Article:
December 21st, 2010

Juiced.GS Volume 15, Issue 4 now available

Juiced.GS V15I4Volume 15, Issue 4 (December 2010) of Juiced.GS, the longest-running Apple II publication in print, shipped today to all subscribers. This issue features an interview with Apple II retailer and collector Wayne Bibbens, who was featured in the documentary Welcome to Macintosh; an analysis of technologies introduced in the failed Apple III that were more successfully deployed in the Apple II; a comprehensive guide to accessing ProDOS disks on modern computers, and how to convert those volumes to disk images; a behind-the-scenes look at the creation of Ivan Drucker’s Slammer; and a tale of two detectives puzzling over a programming problem.

This is Juiced.GS‘s fourth quarterly issue of 2010. The entire 2010 volume is now available as a bundle; 2011 subscriptions are available for $19 for United States customers and $26 for international customers.

December 17th, 2010

Bob Bishop to keynote KansasFest 2011

KANSAS CITY, MO — December 17, 2010 — Bob Bishop, co-founder of Apple's R&D lab, will be the keynote speaker at KansasFest 2011. Bob is part of the early history of the Apple computer and has developed numerous commercial software titles, worked side-by-side with Apple co-founder Steve Wozniak, written a book on assembly language programming, and published articles in most Apple II magazines. Bob has lived what most of us only dream about, and he has the stories to prove it.

In 1976, Dr. Bishop knocked on Steve Jobs' door and ended up owning an Apple I. Soon, he bought one of the first Apple II computers. A few months later, the first graphical Apple II games, like Rocket Pilot and Star Wars, came from Bob's keyboard before Apple had even finished the documentation. Later, Bob brought speech to the personal computer with Apple-Talker and Apple-Listener. In 1978, Bob and Steve Wozniak founded Apple's research and development division. His program Apple-Vision was included on DOS 3.3 master disks, demonstrating the audio and video capabilities of the Apple II. Even after retiring in 1981, he continued using, programming, and writing about the entire Apple II line.

The stories do not end with the Apple II. Bob has hosted a radio show using the "Mr. Logic" personality, written essays, founded a comic book club, designed a computer programming language, and written online riddles. Alas, Bob has not yet founded the fanciful "Subroutine Shack" stores "for supplying software components." Today, he lives in California, still "plays with computers," and laments that his Web site is forever under construction.

KansasFest 2011, the 22nd annual Apple II conference, is set for July 19th through July 24th at Rockhurst University in Kansas City, Missouri. KansasFest was originally hosted by Resource Central and has been brought to you by the KFest Committee since 1995. Any and all Apple II users, fans, and friends are invited to attend this year's event. Registration details will be announced on the KansasFest Web site in early 2011. For photos, schedules, and presentations from past year's events, please visit the event's official Web site at

KansasFest 2011

December 13th, 2010

Apple’s first user group newsletter available

Brutal Deluxe has made available the last three issues of Apple’s Contact newsletter from 1978 and 1979, as well as the 32-page Best of Contact ’78. The Apple Bibliography on page 30 is filled with classic early article references on the Apple II, such as:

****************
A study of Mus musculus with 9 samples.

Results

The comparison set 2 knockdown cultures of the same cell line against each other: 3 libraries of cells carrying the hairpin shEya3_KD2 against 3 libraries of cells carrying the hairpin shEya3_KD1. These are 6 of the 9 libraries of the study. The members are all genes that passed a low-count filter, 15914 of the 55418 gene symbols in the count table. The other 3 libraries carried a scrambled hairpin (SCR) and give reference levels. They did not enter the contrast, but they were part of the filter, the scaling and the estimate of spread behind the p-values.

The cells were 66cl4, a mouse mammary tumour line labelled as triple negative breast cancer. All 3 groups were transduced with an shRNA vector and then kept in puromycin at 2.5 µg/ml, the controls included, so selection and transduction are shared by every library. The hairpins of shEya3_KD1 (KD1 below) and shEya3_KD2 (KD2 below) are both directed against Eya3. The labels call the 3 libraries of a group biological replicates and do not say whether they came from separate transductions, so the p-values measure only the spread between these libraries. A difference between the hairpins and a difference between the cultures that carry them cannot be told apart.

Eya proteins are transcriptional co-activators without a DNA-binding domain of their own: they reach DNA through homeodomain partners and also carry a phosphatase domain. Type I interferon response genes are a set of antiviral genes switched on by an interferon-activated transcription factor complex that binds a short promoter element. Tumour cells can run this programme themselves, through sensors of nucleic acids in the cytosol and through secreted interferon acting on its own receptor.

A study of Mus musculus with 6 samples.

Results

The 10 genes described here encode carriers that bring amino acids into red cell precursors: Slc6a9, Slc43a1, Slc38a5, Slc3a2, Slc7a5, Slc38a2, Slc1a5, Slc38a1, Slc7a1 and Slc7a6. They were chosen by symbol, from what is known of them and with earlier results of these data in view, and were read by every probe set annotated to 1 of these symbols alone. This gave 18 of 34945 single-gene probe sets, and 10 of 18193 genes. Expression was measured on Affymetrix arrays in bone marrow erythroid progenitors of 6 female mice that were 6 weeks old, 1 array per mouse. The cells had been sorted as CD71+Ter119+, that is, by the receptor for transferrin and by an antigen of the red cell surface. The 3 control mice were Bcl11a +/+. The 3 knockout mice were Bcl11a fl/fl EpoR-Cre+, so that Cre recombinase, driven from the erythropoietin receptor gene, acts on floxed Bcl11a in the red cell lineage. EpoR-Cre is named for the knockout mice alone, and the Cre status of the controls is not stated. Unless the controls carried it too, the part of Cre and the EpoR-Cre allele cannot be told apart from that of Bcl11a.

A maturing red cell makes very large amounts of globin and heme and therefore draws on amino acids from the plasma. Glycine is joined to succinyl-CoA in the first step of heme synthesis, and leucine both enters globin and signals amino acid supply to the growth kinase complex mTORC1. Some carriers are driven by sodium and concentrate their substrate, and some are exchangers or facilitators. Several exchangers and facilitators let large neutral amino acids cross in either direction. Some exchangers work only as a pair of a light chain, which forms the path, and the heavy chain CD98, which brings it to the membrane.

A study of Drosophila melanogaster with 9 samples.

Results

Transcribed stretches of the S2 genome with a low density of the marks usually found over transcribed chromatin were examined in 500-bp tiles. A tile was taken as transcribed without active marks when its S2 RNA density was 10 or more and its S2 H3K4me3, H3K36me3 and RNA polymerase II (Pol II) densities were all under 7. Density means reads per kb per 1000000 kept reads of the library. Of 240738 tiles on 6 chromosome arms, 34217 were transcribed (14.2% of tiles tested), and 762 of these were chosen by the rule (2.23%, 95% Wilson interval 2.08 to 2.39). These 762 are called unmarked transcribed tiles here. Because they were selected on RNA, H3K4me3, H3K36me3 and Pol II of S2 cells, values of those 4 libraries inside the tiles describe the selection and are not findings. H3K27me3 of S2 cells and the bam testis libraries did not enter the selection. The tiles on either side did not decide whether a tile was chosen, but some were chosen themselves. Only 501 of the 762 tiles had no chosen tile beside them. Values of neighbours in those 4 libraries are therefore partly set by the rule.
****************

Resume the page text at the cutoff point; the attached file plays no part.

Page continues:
Wozniak, Stephen, “Sweet 16: the 6502 Dream Machine”, Byte 2, No. 11, pp 150-159 (Nov. 1977), and

Bishop, Robert J. “The Remarkable Apple II”, Kilobaud Issue 23 (Oct., 1978)

December 12th, 2010

ActiveGS browser plugin updated

FTA‘s browser plugin ActiveGS is a front-end based on the Apple IIgs emulator Kegs, running on Windows and Mac OS X. Version 3.2.619 was released on December 6th and includes adjustments to the emulator speed, screen shot function and various other fixes.

December 11th, 2010

Becky “Burger” Heineman extensive interview

Matt Barton (author of the excellent book Dungeons and Desktops, a history of computer role-playing games) interviewed famed Apple II programmer and game developer Rebecca Heineman as part of his popular Matt Chat series. The interview is broken into four parts with possibly one more to come. Becky discusses Bard’s Tale, Dragon Wars, Tass Times in Tonetown, Wizardry, and the early days of the gaming industry.

Part 1
Part 2
Part 3
Part 4
Part 5

December 9th, 2010

Saving Captain Crunch

Iconic phreaker John “Captain Crunch” Draper needs an emergency laminectomy to repair damage that has left his hands and arms in painful, near-paralysis. Without surgical intervention, the nerves will deteriorate and the paralysis may become permanent.

Unfortunately, the expense of the surgery is beyond John’s immediate means. He needs help covering the costs of the procedure and has appealed to the community for help. A site has been created to accept donations on John’s behalf so that he can receive treatment.

I encourage you to check out Christopher Mims’s blog entry about Captain Crunch and the overall situation, and if you can, donate something to help John out. Thank you.

December 4th, 2010

Podcasts from KansasFest 1992

Resource Central catalog (1992)After a brief hiatus, the Echoes of KFest podcast is back with more great historical content from the world’s premiere Apple II convention.

Three Four recordings from Resource Central’s catalog, which was recently reclassified under a Creative Commons 3.0 Attribution License, have been digitized by Steve Weyhrich and made available as podcasts. Each episode is a different session from KansasFest 1992, featuring the tales and insights of Tom Weishaar, Roger Wagner, Steve Disbrow, Silas Warner, and more.

The first episode was published this weekend, with another coming each of the following Saturdays. The show is available at or via iTunes.